This post is part of an ongoing series to promote active learning strategies and teaching tools that can support instructors in using them. Since last Spring, Academic Technology Solutions (ATS) has hosted the new active learning series Try IT: Academic Tech for Active Learning, promoting easily-implemented methods like low-stakes quizzing and minute papers, as well as microlectures as a supplement to out-of-class activities. See the Try IT event schedule page for a list of planned sessions and recordings of previous sessions. Our next session, The Text is Our Table: Annotation as a Means of Class Discussion, will be offered Wednesday, November 1, 3:30-5:00 PM both on Zoom and in-person at the Regenstein Library.
For the next event in the Try IT series, Academic Technology Solutions is offering a session on social annotation as a means of supporting deeper learning and more substantial discussion. Social annotation activities ask students to take an active role in course reading, rather than passively receiving information. The potential benefits of social annotation include encouraging engagement with primary texts; fostering dialogue and collaboration among students; and modeling effective reading and participation in your discipline. Some instructors have even explored social annotation as a way to adjust instruction in response to the availability of generative AI tools.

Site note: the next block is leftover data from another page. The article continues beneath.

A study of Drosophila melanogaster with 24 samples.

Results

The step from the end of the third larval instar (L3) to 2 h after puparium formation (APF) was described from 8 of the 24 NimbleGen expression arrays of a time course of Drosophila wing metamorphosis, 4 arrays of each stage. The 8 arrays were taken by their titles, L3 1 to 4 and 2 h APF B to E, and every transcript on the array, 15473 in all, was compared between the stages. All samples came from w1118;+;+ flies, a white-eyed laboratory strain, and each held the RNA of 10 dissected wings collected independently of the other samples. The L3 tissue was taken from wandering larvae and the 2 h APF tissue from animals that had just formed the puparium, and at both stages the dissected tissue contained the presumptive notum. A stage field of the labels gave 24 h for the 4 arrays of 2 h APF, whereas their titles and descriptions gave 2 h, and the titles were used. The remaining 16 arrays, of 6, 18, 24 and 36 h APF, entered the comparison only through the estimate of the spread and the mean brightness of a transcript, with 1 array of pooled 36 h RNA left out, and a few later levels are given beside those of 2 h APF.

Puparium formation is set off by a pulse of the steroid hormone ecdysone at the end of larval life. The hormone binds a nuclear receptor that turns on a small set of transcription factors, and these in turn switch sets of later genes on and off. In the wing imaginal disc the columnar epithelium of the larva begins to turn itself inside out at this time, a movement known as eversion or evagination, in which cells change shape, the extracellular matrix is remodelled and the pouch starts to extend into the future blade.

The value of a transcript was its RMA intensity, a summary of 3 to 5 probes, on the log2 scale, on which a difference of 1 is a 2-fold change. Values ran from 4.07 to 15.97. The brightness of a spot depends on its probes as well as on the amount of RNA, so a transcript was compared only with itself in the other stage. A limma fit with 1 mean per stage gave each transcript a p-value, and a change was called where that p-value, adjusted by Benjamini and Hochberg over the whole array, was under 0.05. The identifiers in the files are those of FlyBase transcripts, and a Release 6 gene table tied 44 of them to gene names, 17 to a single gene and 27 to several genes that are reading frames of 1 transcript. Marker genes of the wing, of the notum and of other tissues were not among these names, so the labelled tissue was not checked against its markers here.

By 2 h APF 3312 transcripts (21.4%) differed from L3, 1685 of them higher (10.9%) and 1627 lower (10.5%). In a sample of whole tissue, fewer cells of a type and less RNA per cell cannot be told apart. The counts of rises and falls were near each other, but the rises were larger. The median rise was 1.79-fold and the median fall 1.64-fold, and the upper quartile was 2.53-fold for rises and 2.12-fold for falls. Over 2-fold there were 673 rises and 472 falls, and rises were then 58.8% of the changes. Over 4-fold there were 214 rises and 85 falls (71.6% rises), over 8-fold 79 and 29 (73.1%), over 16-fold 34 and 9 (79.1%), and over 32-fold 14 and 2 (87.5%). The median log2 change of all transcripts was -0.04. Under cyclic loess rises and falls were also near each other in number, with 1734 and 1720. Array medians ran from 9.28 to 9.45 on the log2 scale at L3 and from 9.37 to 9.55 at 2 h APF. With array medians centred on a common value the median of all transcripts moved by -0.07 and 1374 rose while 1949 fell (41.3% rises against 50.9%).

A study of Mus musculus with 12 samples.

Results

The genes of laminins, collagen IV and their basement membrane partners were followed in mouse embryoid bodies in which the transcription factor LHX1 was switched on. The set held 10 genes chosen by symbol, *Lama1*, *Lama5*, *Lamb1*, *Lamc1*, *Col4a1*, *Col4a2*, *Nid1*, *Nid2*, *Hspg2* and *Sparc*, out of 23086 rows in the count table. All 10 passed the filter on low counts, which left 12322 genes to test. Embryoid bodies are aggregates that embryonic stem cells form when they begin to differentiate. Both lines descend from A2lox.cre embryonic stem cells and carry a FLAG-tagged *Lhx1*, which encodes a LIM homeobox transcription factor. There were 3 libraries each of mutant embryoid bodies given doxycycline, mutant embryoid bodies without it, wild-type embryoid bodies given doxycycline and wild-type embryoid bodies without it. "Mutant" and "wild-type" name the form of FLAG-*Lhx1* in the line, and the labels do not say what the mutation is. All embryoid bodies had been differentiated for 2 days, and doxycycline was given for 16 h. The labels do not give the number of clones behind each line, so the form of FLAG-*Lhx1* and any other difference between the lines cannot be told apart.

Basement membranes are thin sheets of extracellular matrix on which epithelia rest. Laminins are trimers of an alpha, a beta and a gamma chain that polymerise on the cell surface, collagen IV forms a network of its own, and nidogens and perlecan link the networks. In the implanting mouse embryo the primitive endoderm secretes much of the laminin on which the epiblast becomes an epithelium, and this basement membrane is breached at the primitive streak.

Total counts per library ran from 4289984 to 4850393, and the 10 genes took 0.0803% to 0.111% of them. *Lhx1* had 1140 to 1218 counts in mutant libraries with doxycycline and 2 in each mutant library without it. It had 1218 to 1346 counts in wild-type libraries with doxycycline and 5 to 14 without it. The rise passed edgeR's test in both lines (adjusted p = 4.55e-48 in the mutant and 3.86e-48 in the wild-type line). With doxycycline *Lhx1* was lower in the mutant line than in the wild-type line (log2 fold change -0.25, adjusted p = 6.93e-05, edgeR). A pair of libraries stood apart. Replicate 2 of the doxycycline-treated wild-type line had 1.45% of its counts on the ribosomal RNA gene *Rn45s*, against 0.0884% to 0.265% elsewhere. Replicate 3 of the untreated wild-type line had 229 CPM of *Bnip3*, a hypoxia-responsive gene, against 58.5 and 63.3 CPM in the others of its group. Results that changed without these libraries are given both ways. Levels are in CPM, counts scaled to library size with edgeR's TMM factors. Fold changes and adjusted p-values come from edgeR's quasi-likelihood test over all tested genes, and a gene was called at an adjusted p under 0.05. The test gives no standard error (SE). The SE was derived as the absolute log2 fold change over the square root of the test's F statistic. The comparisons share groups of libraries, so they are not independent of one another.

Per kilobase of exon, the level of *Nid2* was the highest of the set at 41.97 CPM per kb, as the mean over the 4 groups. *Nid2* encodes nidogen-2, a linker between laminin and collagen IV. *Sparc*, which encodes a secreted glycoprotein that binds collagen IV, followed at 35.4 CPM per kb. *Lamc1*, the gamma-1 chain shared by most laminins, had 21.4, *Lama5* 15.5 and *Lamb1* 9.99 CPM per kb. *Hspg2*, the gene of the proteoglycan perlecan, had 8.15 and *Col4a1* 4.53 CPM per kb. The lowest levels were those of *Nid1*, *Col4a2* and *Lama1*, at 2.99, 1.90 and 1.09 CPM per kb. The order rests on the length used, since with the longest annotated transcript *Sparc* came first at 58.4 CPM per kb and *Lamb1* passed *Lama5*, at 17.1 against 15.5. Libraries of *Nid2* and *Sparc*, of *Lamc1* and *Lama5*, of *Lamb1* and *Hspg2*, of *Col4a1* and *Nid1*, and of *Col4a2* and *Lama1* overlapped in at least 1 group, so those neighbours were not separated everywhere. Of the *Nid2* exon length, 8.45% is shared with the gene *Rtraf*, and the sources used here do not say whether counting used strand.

Engaging students in thoughtful discussion often takes significant structure and planning, especially with dense or difficult readings. By incorporating social annotation activities into your course, you can refresh your approach to discussion, assigning your students specific discursive tasks like offering counterpoints, providing context from other resources, summarizing for their classmates, and more. Students can respond to one another as they annotate documents like journal articles, case studies, or even your lecture notes.
We’re especially excited to offer a brief workshop on annotation practices, followed by a panel of four UChicago instructors from multiple disciplines who have used social annotation in their teaching with the help of Hypothesis, UChicago’s tool for annotation.